Monday, February 19, 2018

Making the space work for you – how to cope with unusual venues

I have run several singing workshops recently in less-than-ideal spaces.


Rather than being a problem, I found ways to embrace the situation. Here are some ideas you might find useful.

Over the last few weeks I have run singing workshops in a few ‘difficult’ venues.

  1. In Sheffield the other week the venue had a semi-circular platform with chairs round the edge curved away from the main space.
  2. My first Woodbridge Singing Safari rehearsal was in a space full of chairs in rows right up against a platform with rails and furniture on it.
  3. Last weekend’s Sing Out Saturday was in a large hall which had pillars scattered throughout.
  4. My monthly Wivenhoe sessions are in a relatively small space with quite a low ceiling.
In the past my heart would have sunk when I entered these spaces. Now I have a lot more experience I find it easier to embrace the situation.

the perfect space

My ideal space is a large and square with lots of natural light and a high ceiling. Not too bright acoustically, but not totally dead either. There needs to be chairs available, but not necessarily set out.

What’s great about the way I work is that I don’t need any equipment, just a bunch of keen singers and a space.

Somebody recently pointed out that I don’t even really need a ceiling, but walls do come in handy in order to bounce the sound back.

It is rare, however, to have the luxury of working in our ideal space. We are often asked to work in a space not of our choosing, or the ideal space we want is unavailable.

In those situations, don’t despair but take on board the Open Space ethos: “This is the right space, and these are the right people.”

how to cope with unusual spaces

Rather than comparing the space you’ve got with your ideal space, notice the differences and find ways to use them rather than seeing them as obstacles.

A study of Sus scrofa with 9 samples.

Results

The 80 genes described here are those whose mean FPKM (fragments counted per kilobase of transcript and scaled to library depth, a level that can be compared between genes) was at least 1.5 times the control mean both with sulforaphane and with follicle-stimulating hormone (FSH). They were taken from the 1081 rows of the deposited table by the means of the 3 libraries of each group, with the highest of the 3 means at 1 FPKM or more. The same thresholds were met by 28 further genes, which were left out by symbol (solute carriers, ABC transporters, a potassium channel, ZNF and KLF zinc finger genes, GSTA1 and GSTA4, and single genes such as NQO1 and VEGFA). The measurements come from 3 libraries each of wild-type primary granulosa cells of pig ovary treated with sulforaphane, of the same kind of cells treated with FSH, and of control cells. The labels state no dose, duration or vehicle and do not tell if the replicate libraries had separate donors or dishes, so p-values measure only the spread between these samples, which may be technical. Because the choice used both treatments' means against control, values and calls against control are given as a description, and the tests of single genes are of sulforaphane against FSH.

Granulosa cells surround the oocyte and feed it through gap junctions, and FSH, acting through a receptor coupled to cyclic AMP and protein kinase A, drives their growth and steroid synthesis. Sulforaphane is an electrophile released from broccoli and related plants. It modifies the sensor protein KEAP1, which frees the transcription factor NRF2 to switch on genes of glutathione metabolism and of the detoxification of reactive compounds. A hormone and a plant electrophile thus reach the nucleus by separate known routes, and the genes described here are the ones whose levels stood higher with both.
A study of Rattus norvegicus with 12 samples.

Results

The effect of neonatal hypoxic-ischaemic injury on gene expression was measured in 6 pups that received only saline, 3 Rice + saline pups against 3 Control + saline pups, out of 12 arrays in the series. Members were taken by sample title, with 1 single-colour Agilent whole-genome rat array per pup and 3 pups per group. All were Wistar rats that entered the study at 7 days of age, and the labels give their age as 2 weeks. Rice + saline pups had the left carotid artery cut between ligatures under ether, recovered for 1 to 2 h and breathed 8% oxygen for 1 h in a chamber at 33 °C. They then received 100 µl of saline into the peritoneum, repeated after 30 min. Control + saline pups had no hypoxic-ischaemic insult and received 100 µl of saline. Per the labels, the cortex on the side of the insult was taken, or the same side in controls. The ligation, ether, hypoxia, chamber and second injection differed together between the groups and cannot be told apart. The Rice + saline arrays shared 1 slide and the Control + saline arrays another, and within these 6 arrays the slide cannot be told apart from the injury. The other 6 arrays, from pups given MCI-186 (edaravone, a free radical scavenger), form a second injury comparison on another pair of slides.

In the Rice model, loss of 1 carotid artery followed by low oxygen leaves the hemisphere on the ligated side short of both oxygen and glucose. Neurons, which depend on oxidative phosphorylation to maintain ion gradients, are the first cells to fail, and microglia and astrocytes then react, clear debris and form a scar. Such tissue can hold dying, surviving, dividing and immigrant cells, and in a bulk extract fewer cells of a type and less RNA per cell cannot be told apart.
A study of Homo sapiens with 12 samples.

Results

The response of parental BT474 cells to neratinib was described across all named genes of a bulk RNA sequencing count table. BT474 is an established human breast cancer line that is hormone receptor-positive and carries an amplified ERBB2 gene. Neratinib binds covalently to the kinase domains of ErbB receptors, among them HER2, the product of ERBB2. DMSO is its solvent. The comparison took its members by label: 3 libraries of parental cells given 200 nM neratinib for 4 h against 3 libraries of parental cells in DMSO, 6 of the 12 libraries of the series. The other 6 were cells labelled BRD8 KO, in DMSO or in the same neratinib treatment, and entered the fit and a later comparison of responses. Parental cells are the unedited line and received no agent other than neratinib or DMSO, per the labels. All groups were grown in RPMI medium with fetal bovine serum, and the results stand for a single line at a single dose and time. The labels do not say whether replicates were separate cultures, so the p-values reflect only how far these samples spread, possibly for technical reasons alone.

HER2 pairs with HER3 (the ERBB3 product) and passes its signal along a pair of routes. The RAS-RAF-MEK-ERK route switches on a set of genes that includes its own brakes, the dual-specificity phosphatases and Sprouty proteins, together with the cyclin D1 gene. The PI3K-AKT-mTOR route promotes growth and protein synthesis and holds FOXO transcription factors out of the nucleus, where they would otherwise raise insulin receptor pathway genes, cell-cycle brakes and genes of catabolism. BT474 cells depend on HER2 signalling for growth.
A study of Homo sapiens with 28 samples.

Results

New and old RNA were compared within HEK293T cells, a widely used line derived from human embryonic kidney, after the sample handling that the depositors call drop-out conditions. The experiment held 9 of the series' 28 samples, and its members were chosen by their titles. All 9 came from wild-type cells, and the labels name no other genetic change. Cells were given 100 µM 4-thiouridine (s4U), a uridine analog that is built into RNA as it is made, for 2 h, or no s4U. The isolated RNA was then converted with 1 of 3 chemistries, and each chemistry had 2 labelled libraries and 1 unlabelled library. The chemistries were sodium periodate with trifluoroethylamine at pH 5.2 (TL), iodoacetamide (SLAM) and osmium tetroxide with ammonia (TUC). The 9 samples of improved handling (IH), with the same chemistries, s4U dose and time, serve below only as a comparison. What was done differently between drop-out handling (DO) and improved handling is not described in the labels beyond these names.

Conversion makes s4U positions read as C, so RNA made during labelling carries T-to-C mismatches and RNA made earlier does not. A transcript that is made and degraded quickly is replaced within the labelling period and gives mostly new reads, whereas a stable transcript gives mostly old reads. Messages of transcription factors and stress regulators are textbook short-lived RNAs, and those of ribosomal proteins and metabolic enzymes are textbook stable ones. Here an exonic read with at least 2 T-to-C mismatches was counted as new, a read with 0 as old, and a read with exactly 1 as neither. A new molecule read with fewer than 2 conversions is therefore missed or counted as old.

Here is what I did in the examples I gave earlier.

  1. In Sheffield, I simply got rid of the chairs, ignored the raised platform and filled the space with people. If an individual needed a chair, they got one and put it where it suited them. The advantages were that I could move people and parts around easily, everyone stayed energised and the space became more flexible.
  2. In Woodbridge, rather than moving loads of chairs (which would have taken time and then we would have had to put them back afterwards), we simply pushed the first couple of rows back to make a bit more space in front of the platform. I moved one of the large pieces of furniture on the platform itself, then we could use the two different levels quite easily. It was fairly simple to put different parts in well-defined areas and use the front row of chairs if people needed to sit down.
  3. At the last Sing Out Saturday the pillars came in useful because it meant I had to move around more during the warm up and make sure that everyone in the space could see and hear me. When we divided into parts, it was useful to get people to bunch up to fit each part neatly between two pillars. It forced singers in each part to be closer, and by using the pillars, the whole group came closer together which helped listening.
  4. In Wivenhoe, when lots of people turn up it becomes quite a squeeze. More importantly though is that the sound can become too loud because the ceiling is so low. This is a great opportunity to remind people that “less is more” and to sing sensitively, make sure they hear all the other parts, and to really listen to each other.

the same applies to performance spaces

It’s not just singing workshops where you can find yourself in an unexpected venue. I’ve often come across unusual spaces when my choir has performed.

If you’re lucky enough to know your venue well in advance, you can insist on rehearsing in the space beforehand to deal with any unexpected issues. Even if you can’t rehearse in the space, it’s vital that you visit it beforehand if possible. You can then lay it out in your usual rehearsal space to get a feel for things.

Again, don’t see things as a problem, but as an opportunity.

If the space is much smaller than you thought, it gives you the chance to fit singers in more snugly so they can really work as a team and listen carefully to each other.

If the space is an unusual shape, you might decide to split the parts up in different ways. Have each part in separate areas of the space or even divide your choir into quartets and spread them throughout the space.

The space itself might suggest a new way of presenting a song. We’ve often sung surrounding the audience or have sung “off stage” before we’ve entered, or had one part start the song from behind the audience whilst the rest of the choir enter from the front.

You get the idea: work with what you’ve got, don’t let it limit you.

use your imagination

I hope this has given you a few pointers on how you can use your imagination to make the space work for you rather than against you. I’d love to hear if you’ve been in unexpected situations that have resulted in you having to become more creative. Do drop by and leave a comment.